Münich’s Oktoberfest has been canceled due to COVID-19. The 8 million liters of beer normally consumed at the annual festival will remain untapped. Hundreds of thousands of pounds of sausages and roasted chickens will remain uneaten. No giant beer tents will be erected on the Theresianwiese, the Münich park where Oktoberfest is held.

There may not be a festival, but there is still plenty of Oktoberfest beer to enjoy locally.

The copper-colored lager that we in the United States call Oktoberfest is not actually the kind of beer served at the festival in Germany. Märzen-style lager has roots that go back much further than the first Oktoberfest in 1810.

In the days before refrigeration, it was difficult to make good beer — especially cold fermenting lager beer — in the summer months.

To bridge the gap, brewers would make a Märzenbier or March beer — März is the German word for March — that was stored in caves for consumption starting in midsummer. When the brewing season resumed in October, the remaining casks of Märzenbier would have been consumed.

Like all German lager styles, the basic profile of Märzen beers is well set. Nuanced differences separate one brewer’s version from another. The style showcases the toasted-bread flavors and caramel-like sweetness of European kilned malts. The spicy flavor of German hops is low if at all present. Bitterness is just high enough to maintain balance without overshadowing the malt. Sweetness is kept further in check by the clean, crisp lager finish and the occasional faint presence of bitter toasted malt flavors.

Though all examples display those basic characteristics, there is a kind of flavor spectrum that can be recognized when tasting several. Märzens run a range from rich and malty sweet on one end to lightweight with more hop presence on the other.

Oktoberfest from Beaver Island Brewing Co. of St. Cloud is a great place to start on the maltier end. This beer was selected Best of Show at a blind-tasting event of over 40 Oktoberfest beers hosted by the Growler magazine in 2019. It’s bold, rich and malty, but doesn’t cross the line to become overly sweet. Sweetness is there, but balanced by moderate bitterness and very low, spicy hop flavor. The primary note is German bread crust. The finish is off-dry with lingering caramel malt and spice.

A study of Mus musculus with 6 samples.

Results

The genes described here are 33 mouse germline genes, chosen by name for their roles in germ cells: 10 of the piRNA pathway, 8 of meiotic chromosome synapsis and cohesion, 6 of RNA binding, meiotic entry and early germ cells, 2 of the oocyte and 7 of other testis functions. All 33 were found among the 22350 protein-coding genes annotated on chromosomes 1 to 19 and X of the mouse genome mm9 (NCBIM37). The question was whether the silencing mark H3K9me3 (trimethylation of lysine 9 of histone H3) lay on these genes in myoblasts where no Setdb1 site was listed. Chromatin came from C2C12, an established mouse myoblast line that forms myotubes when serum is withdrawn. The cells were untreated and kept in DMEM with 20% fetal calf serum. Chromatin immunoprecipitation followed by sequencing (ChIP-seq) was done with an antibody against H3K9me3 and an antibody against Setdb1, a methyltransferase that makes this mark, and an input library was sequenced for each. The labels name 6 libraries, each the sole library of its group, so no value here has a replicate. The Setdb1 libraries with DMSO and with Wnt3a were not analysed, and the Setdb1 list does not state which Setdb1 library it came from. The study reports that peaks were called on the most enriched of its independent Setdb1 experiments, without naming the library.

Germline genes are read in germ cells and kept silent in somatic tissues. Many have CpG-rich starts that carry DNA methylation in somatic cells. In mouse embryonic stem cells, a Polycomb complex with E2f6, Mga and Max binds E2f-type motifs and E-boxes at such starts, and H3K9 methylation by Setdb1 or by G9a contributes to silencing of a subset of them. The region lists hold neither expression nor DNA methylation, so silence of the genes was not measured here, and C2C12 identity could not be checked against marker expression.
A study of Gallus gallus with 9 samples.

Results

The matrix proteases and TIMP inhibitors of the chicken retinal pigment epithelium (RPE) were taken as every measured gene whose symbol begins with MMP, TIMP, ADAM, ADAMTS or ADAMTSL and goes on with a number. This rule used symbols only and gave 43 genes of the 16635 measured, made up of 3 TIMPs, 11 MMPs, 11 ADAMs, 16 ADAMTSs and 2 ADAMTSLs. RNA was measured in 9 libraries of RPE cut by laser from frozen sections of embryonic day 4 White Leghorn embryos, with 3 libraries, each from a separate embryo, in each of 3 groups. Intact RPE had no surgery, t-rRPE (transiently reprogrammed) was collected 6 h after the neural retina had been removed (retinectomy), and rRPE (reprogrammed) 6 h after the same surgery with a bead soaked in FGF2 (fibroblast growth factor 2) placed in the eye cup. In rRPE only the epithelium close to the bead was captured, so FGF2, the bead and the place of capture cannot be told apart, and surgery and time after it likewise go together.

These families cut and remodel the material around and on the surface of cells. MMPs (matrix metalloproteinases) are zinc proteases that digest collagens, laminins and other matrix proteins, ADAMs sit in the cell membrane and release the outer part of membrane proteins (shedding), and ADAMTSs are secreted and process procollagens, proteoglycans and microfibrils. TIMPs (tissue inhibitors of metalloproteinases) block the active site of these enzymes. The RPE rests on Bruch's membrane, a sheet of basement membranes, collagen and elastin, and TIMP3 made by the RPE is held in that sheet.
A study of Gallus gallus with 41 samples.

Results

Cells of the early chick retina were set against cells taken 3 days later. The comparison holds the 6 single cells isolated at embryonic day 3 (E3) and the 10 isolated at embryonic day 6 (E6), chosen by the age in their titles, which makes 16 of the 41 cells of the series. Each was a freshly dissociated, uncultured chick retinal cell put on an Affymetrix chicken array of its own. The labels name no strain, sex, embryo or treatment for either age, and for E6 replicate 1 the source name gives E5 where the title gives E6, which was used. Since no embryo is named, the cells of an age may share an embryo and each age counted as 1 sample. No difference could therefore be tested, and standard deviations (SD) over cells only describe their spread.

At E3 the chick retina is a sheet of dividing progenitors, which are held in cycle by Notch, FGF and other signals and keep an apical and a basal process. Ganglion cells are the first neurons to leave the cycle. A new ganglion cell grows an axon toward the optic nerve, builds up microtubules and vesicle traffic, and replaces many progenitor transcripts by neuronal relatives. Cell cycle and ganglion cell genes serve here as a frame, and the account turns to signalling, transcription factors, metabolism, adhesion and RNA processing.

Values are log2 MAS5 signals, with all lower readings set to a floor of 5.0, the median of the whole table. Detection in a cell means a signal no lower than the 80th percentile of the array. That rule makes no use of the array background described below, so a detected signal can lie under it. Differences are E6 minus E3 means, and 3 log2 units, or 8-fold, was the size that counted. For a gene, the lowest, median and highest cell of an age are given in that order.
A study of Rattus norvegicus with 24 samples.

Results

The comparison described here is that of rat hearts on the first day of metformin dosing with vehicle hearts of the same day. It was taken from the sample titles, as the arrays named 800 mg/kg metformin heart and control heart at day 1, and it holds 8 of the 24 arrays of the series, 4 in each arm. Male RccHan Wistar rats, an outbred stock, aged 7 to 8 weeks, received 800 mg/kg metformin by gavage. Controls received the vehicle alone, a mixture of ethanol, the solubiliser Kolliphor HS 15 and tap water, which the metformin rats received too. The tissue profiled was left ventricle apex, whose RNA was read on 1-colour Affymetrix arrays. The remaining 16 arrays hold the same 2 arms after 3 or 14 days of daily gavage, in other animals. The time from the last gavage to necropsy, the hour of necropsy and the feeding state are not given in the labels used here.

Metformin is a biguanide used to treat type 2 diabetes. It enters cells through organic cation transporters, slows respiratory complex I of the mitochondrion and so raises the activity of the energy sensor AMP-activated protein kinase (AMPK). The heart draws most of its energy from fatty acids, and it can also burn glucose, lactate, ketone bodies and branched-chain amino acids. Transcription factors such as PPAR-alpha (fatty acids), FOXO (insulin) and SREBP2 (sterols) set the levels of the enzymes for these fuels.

Oktoberfest from Schell’s in New Ulm, Minn., is a perennial favorite. This award-winning beer is less rich than some others, but still falls on the malty end of the scale. The taste of toasted grain comes through loud and clear, adding a dry edge that helps to cut the sugar. Gentle bitterness lingers into the finish along with the subtlest hint of spicy hop flavor. This is certainly the best of the Minnesota-made Märzens.

Schwandtoberfest Bavarian-Style Märzen from Bauhaus Brew Labs of Minneapolis is one that begins to bridge the divide between rich and light. It leans to malty-rich, but with a good dose of bitterness for a dry and bitter finish. The flavor of dark rye bread crust is joined by subtle hints of roast and toast.

Oktoberfest from Lupulin Brewing in Big Lake, Minn., is another good mid-malt example. It has a lighter body than some, but isn’t yet on the lightest end of the scale. There is no hop flavor to get in the way of the bread and caramel malt. But a sturdy bitterness does linger in the crisp finish.

Oktoberfest from Surly in Minneapolis is one of the hoppier examples of the style. Though the bread crust malt does come out on top, it shares the stage almost equally with spicy, lemony and minty flavors of German hops. The dry finish leaves bread crust maltiness with some hop spice lingering on the tip of the tongue.

Moving to the lighter end of the scale, one of the best examples of the Märzen style is Oktober Fest-Märzen from Ayinger Brewery of Germany. Toasted bread-crust malt is appropriately in the forefront, but it is not at all sweet. Light and crisp from start to finish with low-level balancing bitterness, this one is an easy drinker that’s perfect for an early-fall evening.

Germany’s Paulaner Oktoberfest Märzen is slightly sweeter than Ayinger, but still has a light and dry finish. Hop presence is also higher, with the lemon curd and spice notes of continental hop varieties. Hints of dark-toasted malt give it an added impression of dryness.

The beer actually poured at the Münich Oktoberfest is a paler golden lager with more aggressive bitterness and hop flavor. In the 6% range, the festbier alcohol content is also slightly elevated. These beers fit somewhere between a Münich helles style and a Maibock.

Germany’s Paulaner Oktoberfest Bier was the first of these to be made available in the United States. Clean, crisp and moderately bitter, it features a balanced blend of white bread maltiness with lemon pepper hops. Hints of toasty biscuit round out its thoroughly refreshing profile. I could easily down a liter stein of this.

Looking locally, Receptional Festbier from Utepils in Minneapolis is a bit fuller bodied than Paulaner. The balance slightly favors lemon and spice hops, but with a sturdy base of bread and biscuit malt flavor and light honey sweetness. It finishes with initial bitterness followed by lingering malt sweetness.

The use of wheat malt makes the Oktoberfest from Germany’s Erdinger Weissbräu unique among the festbiers. It’s malt-forward, but with a spicy/lemony hop edge and sharply bitter finish. Wheat and yeast bring flavors and aromas reminiscent of freshly fermenting bread dough. Fermentation-derived fruitiness further sets this apart.

This is just a small sampling of the many festbiers and Märzen available. Get out and try a few to celebrate your own personal Oktoberfest.

 

Michael Agnew is a certified cicerone (beer-world version of sommelier) and owner of A Perfect Pint. He conducts private and corporate beer tasting events in the Twin Cities, and can be reached at michael@aperfectpint.net.